Deployment to foreign soils is nothing new to Daniel Weist. Quite the contrary. During his six years as an enlisted soldier in the U.S. Army, Weist completed two tours of duty overseas, first in Iraq as part of Operation Freedom and later in South Korea. However, when he left for Afghanistan in December, he deployed not as a member of the U.S. Army, but as a sergeant in the 1104th Mobilization Support Battalion of the Army Reserve and an employee of JLG Industries Inc., an Oshkosh Corporation company and a global manufacturer of aerial work platforms and telescopic material handlers.
According to Weist’s father, Dwight Weist, who is a production supervisor at JLG’s Bedford facility, “Daniel is lucky enough to work for a company that has gone the extra mile to support him, not only as he prepared for his most recent deployment, but also now, while he is serving in Afghanistan and when he returns, ensuring that the job he left will be waiting for him.”
Even before he deployed, the younger Weist recognized how important that support is to him and his family and took the necessary steps to nominate his supervisor, Dwight Gates, for the Employer Support of the Guard and Reserve (ESGR) Patriot Award. In January, Gates received the prestigious award during a presentation at the JLG Mid-Atlantic Reconditioning & Service Center in Bedford, Pa., where both Gates and Weist work.
The Patriot Award recognizes supervisors and bosses for support provided directly to the guardsmen or reservist employees who nominate them. The award reflects the efforts made to support citizen warriors through a wide range of measures, including flexible schedules, time off prior to and after deployment, caring for families, and granting leaves of absence if needed.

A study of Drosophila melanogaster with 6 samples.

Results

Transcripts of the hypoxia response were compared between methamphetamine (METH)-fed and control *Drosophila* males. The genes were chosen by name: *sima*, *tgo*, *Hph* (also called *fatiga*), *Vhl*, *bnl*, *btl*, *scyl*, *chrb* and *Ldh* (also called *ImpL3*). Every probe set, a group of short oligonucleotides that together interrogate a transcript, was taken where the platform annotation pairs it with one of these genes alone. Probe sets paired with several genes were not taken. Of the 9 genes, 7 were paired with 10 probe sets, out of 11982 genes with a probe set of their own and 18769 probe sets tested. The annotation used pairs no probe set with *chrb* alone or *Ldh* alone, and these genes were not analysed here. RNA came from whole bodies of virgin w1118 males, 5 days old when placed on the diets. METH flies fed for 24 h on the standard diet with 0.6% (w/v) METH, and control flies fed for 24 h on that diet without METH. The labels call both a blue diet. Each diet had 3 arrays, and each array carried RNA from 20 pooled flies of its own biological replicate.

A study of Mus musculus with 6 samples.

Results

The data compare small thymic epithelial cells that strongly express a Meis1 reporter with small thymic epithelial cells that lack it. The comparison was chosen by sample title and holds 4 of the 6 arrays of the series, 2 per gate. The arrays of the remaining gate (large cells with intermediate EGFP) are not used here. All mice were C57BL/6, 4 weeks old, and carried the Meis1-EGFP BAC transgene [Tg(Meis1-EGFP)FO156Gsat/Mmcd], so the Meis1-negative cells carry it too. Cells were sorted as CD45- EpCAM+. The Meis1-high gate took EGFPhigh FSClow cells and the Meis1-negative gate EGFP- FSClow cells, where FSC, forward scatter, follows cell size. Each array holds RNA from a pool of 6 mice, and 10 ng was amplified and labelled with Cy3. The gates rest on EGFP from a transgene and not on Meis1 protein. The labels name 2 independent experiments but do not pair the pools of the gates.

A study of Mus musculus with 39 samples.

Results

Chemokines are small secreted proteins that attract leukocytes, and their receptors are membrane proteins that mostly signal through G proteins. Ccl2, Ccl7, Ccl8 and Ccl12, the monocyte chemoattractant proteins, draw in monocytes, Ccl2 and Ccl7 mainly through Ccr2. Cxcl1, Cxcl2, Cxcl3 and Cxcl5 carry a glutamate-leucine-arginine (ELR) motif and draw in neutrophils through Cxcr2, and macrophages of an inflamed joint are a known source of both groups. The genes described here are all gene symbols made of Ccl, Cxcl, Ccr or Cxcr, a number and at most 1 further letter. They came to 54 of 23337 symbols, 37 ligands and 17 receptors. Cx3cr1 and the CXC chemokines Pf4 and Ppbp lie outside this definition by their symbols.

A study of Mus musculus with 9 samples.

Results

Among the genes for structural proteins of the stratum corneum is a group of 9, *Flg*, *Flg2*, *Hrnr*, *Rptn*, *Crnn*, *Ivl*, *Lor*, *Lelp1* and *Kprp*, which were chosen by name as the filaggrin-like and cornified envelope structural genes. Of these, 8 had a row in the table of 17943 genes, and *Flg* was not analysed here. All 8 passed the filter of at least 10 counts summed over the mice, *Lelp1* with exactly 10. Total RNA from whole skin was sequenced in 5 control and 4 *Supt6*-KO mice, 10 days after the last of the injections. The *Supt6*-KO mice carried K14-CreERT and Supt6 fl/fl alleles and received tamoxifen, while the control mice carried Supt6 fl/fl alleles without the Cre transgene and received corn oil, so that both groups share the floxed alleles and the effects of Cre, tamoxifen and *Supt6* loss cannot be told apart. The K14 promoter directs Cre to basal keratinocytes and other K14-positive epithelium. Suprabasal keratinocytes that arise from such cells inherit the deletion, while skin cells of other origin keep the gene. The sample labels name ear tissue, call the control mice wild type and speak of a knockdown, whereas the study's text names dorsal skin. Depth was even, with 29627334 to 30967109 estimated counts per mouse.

Harry Zeznanski, ombudsman with the ESGR, a Department of Defense agency that promotes cooperation and understanding between Reserve Component Service members and their civilian employers, presented the Patriot Award to Gates.
“The Patriot Award is a very distinguished award,” explained Zeznanski. “In the past year, I probably distributed more than 5,000 nomination forms to guardsmen and reservists in the Pennsylvania Mountain Area, but I’ve only presented five awards. So it really is significant for someone to take the time to complete the form, because in that service member’s mind, his or her supervisor did something above and beyond what is required. For example, the Uniformed Services Employment and Re-Employment Rights Act (USERRA) requires a service member to rest eight hours prior to reporting for duty, but it does not require the employer to pay the service member when time off is necessary to meet that requirement. In the case of Daniel Weist, I understand that Dwight Gates made changes to Daniel’s work schedule to accommodate his reserves duty without losing any wages in the process or forcing Daniel to use vacation time, as is often the case.”
According to Zeznanski, this kind of support from a supervisor is critical to the success of the Guard and Reserve program. “But it also says a lot about the company that employs these people. We all know that supervisors can’t always act on their own. Often they need approval from management and a corporate environment that fosters support for our service men and women. I’d far rather be honoring men like Dwight and by extension, companies like JLG, than spending my time mediating disputes between service members and their employers, which unfortunately is where I spend the bulk of my time.”